Hillary Clinton Is Not a Liar:
You can say a lot of things about Hillary Clinton's speech last night at the Democratic Convention. You can say that she's just not the most compelling big house speaker (although in the last part, she hit a stride that was positively energizing). You can say that she delivered some vicious uppercuts to John McCain. You can say that in asking of her followers, "Were you in this campaign just for me?" she made the most compelling case to her diehards for voting for Obama. You can say all that and so much more. But, in that speech, on that evening, you cannot call her a liar.

What would lying have been? If Clinton had gotten all faux sentimental about her relationship with Barack Obama, pretending like they're anything other than ideological allies who fought a vicious battle. She didn't make up shit about the two of them being friends or hanging out with Michelle or working together on issues in the Senate. It's goddamn hilarious that the one criticism that's been pronounced by the pundostoogery on TV is that the speech had no personal touch about her and Obama. Jesus fuckin' Christ. No. None of that. It would have been false. It would have been a bullshit approach. (And had she done it, you can bet that the same people would have been calling her out for it being bullshit.)

Instead, she did what she had to do, the good soldier. She told the delegates who might be thinking of straying to McCain or not voting at all not to be such tools. She gave a kitchen sink list of Democratic beliefs that would get knocked off the table should McCain be elected. And she said, more or less, "Don't be stupid."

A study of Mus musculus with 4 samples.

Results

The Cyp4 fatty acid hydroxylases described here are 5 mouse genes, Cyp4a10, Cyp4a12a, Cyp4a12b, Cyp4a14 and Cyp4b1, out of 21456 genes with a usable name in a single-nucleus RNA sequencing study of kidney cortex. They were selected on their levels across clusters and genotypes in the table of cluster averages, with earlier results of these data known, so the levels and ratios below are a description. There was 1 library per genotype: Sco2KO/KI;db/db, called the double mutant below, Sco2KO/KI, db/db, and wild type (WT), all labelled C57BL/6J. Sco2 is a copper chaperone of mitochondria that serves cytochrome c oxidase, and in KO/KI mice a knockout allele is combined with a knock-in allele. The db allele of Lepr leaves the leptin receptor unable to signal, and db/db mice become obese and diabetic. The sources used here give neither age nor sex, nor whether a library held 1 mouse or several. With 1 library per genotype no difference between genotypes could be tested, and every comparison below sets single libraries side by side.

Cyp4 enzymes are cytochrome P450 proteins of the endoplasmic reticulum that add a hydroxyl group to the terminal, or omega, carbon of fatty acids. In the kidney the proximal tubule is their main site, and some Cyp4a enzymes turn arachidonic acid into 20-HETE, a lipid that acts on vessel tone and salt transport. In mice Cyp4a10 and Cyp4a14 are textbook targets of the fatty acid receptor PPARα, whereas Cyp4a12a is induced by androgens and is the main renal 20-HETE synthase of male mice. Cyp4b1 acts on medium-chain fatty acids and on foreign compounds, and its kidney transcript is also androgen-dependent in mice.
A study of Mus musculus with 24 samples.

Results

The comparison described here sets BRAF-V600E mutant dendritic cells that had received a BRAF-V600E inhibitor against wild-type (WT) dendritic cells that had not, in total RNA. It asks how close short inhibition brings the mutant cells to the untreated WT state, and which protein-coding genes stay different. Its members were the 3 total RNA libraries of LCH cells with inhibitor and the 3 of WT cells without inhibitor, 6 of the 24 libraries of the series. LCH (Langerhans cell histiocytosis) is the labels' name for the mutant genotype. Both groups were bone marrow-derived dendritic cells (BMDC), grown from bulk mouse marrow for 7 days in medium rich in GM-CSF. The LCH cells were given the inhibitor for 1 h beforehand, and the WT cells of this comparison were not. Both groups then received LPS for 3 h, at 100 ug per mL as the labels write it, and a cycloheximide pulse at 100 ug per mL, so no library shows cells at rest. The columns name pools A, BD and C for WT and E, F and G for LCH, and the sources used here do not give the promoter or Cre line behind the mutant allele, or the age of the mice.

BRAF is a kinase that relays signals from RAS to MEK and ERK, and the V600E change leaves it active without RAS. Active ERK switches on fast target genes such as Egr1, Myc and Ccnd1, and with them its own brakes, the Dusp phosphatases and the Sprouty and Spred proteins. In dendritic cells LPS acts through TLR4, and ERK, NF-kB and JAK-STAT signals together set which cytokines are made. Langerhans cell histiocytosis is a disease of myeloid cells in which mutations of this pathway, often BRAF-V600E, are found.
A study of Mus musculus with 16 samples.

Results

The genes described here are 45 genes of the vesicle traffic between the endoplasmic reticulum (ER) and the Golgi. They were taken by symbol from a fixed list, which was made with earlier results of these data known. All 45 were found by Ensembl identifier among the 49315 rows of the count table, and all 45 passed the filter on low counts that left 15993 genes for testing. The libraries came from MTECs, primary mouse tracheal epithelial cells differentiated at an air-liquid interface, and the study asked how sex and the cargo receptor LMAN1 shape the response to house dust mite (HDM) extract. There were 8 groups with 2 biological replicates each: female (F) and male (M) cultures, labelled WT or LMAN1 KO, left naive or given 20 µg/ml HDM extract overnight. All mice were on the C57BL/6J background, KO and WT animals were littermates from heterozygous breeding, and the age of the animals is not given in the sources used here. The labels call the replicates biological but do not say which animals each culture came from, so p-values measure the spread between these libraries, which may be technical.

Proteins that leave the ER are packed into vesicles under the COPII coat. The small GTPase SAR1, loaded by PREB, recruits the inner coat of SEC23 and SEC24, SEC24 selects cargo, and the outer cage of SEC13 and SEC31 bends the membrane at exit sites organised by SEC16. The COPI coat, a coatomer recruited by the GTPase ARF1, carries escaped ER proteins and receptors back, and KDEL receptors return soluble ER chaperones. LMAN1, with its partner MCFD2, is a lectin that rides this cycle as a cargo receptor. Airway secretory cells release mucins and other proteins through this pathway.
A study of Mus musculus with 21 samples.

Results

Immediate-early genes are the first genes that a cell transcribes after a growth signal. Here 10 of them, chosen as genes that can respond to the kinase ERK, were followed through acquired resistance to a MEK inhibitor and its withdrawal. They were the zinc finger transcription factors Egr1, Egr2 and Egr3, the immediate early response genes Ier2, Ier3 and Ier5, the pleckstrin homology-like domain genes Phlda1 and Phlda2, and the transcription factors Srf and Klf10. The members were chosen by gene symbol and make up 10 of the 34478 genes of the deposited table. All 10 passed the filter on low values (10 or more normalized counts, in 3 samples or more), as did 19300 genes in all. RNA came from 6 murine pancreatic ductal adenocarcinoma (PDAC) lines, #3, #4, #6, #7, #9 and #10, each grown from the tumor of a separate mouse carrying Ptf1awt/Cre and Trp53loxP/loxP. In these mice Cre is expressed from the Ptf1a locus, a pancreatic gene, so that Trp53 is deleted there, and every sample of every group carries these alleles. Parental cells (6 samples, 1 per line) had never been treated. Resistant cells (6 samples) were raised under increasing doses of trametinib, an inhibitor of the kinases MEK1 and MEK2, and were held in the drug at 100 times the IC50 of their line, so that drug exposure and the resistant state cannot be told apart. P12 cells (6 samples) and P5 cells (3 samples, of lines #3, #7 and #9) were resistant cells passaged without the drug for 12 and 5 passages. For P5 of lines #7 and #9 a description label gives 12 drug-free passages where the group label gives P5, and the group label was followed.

Yes, like Michelle Obama's speech Monday night, Clinton's was, for the most part, directed at idiots and the media. The idiots are the (mostly mythical) Clinton supporters who can't get over the primaries. What she said last night is if they're not voting for Obama, they were never really Clinton supporters in the first place. Much of the rest of the speech was for the media, drunk with power and forced to fill too many hours, creating dissent where little to none exists. Of course Hillary Clinton believes she should be the nominee. She'll believe that until the day she dies. But she's not a destructive egomaniac, as the mainstream media desperately need her to be.

Things didn't get interesting until the very last section of the speech. When she finally got to her feminist beliefs and women's history, she went to town. This was Hillary Clinton liberated of the need to please her campaign, the consultants and the clowns, the odious Mark Penn, her needy husband whose ego was more bruised than hers. When she said, "In America, you always keep going. We're Americans. We're not big on quitting," she offered a valedictory for her efforts and the efforts of the women who preceded her. In the end, she brought it back to the Democratic Party, the nation, and, no doubt, her: "We've got to ensure that the choice we make in this election honors the sacrifices of all who came before us and will fill the lives of our children with possibility and hope." She will become one of those who sacrificed. She wanted to be the end of a path - instead, she has realized she is another step on it.

She may not have been cozy and warm to Obama. But she didn't lie. What she was saying is that you don't have to like the nominee, you don't have to want to have a beer with him or even invite him to dinner. There are ideas you value, she said, they are what's important. Believe her or not.